Quitting a job can be filled with potential missteps, but there are ways to quit your job in the best way possible with a solid exit strategy.


As the saying goes, “you won’t know until ask” yet so many people are afraid to speak up and become convinced that the only solution is to find a new job. Taking action is the hardest part: there is always a possibility that your plan could backfire or your concerns will be brushed off, but this is the first step towards figuring out what next steps might be. For example, is there anything to be done that might make this job better? Have you ever discussed with your boss what’s making you unhappy? Would extra PTO, working remotely a few days a week or other work perks change your perspective?

If you’ve done all of the above, and nothing has changed, it can be extremely frustrating and discouraging. Here are four tips to help plan your next steps, and to figure out if quitting is the right choice for you:

Why do you want to quit: Before you jump in and give your notice out of frustration, figure out what’s driving the decision to quit. If it’s something that can be adjusted, it’s time to speak up and talk to your boss. For managers, it’s much cheaper and easier to give you small enticements and keep you happy, rather than sending you packing.

Why do you want to quit: Before you jump in and give your notice out of frustration, figure out what’s driving the decision to quit. If it’s something that can be adjusted, it’s time to speak up and talk to your boss. For managers, it’s much cheaper and easier to give you small enticements and keep you happy, rather than sending you packing.

How to time quitting your job: The best time to look for a job is when you already have one, without the stress of worrying where your next paycheck will come from so you don’t settle for a less than perfect job.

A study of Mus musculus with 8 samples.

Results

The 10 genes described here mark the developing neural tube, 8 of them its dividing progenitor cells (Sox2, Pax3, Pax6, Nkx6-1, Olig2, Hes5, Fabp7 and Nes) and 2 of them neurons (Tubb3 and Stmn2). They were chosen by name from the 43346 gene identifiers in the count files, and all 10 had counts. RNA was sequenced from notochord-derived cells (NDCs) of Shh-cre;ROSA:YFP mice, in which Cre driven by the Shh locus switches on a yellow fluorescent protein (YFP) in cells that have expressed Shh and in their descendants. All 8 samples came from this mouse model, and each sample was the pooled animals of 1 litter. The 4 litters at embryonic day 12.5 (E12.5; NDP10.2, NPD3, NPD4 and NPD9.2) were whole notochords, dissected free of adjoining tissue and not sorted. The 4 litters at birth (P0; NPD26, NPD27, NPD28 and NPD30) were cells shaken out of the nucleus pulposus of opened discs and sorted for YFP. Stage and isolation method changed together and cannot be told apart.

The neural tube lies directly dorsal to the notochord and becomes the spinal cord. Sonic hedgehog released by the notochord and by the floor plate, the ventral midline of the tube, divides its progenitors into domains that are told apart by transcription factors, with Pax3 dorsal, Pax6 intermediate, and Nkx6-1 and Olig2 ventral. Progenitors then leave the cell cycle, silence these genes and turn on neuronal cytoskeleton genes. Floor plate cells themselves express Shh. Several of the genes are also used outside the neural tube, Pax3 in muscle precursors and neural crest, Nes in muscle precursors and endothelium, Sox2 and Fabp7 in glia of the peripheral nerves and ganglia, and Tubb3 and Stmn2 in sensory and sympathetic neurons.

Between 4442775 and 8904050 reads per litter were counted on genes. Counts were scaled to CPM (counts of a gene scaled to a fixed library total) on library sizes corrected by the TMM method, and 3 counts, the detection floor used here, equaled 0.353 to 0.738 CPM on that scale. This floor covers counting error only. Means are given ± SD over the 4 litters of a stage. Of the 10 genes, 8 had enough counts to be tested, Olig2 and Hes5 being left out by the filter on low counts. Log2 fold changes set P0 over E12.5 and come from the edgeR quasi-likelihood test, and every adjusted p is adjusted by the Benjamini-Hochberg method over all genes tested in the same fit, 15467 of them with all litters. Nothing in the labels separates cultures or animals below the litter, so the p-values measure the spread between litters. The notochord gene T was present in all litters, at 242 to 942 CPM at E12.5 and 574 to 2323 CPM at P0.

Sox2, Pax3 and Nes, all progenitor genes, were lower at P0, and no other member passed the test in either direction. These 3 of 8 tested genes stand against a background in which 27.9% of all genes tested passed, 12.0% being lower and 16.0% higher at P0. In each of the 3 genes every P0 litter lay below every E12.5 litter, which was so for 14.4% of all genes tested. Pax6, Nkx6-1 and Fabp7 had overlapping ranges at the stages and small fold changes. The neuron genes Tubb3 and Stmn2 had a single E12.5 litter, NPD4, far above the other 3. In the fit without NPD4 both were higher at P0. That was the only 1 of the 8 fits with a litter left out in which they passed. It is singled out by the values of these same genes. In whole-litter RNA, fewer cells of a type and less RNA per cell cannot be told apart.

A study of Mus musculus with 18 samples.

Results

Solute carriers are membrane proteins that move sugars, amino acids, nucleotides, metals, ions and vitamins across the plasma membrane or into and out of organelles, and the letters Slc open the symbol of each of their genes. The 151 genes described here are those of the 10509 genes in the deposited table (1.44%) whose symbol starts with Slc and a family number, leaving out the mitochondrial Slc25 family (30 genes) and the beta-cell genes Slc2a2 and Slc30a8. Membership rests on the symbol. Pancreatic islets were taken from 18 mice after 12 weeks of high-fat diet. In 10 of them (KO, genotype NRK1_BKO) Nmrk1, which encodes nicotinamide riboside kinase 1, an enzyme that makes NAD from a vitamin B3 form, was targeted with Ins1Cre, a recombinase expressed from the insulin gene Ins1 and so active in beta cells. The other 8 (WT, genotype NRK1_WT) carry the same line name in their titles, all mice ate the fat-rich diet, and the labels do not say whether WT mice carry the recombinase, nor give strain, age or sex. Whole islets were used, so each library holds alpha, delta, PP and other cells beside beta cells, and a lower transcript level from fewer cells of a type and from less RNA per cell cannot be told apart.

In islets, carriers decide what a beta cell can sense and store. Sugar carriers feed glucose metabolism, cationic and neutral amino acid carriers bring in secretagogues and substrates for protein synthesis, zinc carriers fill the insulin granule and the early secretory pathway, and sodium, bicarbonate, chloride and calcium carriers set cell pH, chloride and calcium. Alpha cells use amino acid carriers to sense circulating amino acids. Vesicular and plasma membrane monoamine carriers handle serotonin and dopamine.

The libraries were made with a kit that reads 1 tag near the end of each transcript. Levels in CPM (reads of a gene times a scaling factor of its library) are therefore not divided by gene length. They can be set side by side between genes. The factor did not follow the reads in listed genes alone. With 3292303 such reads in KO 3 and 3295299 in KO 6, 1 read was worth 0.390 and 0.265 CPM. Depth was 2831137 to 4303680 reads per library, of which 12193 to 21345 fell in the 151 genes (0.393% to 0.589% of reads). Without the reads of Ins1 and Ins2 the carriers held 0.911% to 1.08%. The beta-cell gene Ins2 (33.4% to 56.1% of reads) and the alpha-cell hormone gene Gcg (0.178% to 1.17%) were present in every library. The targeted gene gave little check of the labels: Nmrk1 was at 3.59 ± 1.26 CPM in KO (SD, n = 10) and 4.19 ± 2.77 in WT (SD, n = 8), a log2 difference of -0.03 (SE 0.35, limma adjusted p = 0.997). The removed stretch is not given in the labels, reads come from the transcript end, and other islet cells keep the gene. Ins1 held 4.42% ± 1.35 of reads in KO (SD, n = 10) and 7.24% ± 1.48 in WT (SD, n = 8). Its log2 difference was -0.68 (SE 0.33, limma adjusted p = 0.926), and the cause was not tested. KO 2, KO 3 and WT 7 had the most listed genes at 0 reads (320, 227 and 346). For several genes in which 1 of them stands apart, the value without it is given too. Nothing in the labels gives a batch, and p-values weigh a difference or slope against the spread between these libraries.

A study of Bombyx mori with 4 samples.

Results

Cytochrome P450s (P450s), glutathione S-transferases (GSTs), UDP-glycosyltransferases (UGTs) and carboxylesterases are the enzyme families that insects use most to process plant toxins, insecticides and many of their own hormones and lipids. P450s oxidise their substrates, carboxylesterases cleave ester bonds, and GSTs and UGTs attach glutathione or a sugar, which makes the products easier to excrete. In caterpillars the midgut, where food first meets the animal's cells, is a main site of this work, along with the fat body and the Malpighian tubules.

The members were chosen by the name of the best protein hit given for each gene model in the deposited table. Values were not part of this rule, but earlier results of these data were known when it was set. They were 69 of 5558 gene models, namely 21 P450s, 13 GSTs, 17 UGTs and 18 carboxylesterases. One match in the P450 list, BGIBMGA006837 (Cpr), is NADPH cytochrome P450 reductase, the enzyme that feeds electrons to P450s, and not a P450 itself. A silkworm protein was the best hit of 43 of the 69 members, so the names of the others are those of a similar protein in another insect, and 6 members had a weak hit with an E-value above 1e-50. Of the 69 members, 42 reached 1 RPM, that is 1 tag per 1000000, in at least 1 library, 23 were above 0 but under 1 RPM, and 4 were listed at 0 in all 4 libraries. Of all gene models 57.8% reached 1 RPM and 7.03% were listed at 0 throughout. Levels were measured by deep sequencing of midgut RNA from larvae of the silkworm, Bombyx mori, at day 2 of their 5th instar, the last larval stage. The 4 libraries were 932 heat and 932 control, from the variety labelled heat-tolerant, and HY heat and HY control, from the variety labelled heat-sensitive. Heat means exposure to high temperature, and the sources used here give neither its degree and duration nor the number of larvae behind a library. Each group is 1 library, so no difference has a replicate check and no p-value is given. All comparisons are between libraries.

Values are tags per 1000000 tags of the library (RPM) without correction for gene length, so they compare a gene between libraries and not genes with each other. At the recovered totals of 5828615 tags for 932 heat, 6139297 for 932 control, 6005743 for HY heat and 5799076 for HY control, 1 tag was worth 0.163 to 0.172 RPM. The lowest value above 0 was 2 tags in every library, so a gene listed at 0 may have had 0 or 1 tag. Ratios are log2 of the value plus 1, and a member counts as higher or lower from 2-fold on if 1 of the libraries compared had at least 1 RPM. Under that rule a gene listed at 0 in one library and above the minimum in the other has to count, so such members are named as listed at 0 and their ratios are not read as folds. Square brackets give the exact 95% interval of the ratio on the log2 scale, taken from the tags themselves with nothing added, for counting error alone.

Why job hopping is common for top performers: We all know about the dangers of job hopping, and how it can look on paper. If you’ve only worked for a company for 6-10 months before leaving, this can be seen as a potential red flag to future employers.  However, it’s quite common for top performers to leave a job after 2-3 years to find a better one, and top performers typically leave jobs to grow in their professional development.

Identify the psychological barriers that are holding you back: Confidence and lack of knowledge are two of the most common barriers.A lot of people are anxious, confused about where to start, and are scared of failure so looking for the dream job remains on the back burner for months or years at a time.  So many people believe they need to just “deal” with a less than ideal situation, instead of coming up with new solutions and being proactive.

If you decide to make the leap to leave your job, it’s important to remember that quitting and finding a new job doesn’t automatically equal newfound happiness or satisfaction. There isn’t one universal dream job out there: if you don’t put in the effort, time and research, you could find yourself in a continuous quitting cycle. Some people prioritize career progression or higher salaries. Other people look for roles that emphasize creativity, or work/life balance. Knowing what is most important to you and figuring out your career values is key to being happy in a role.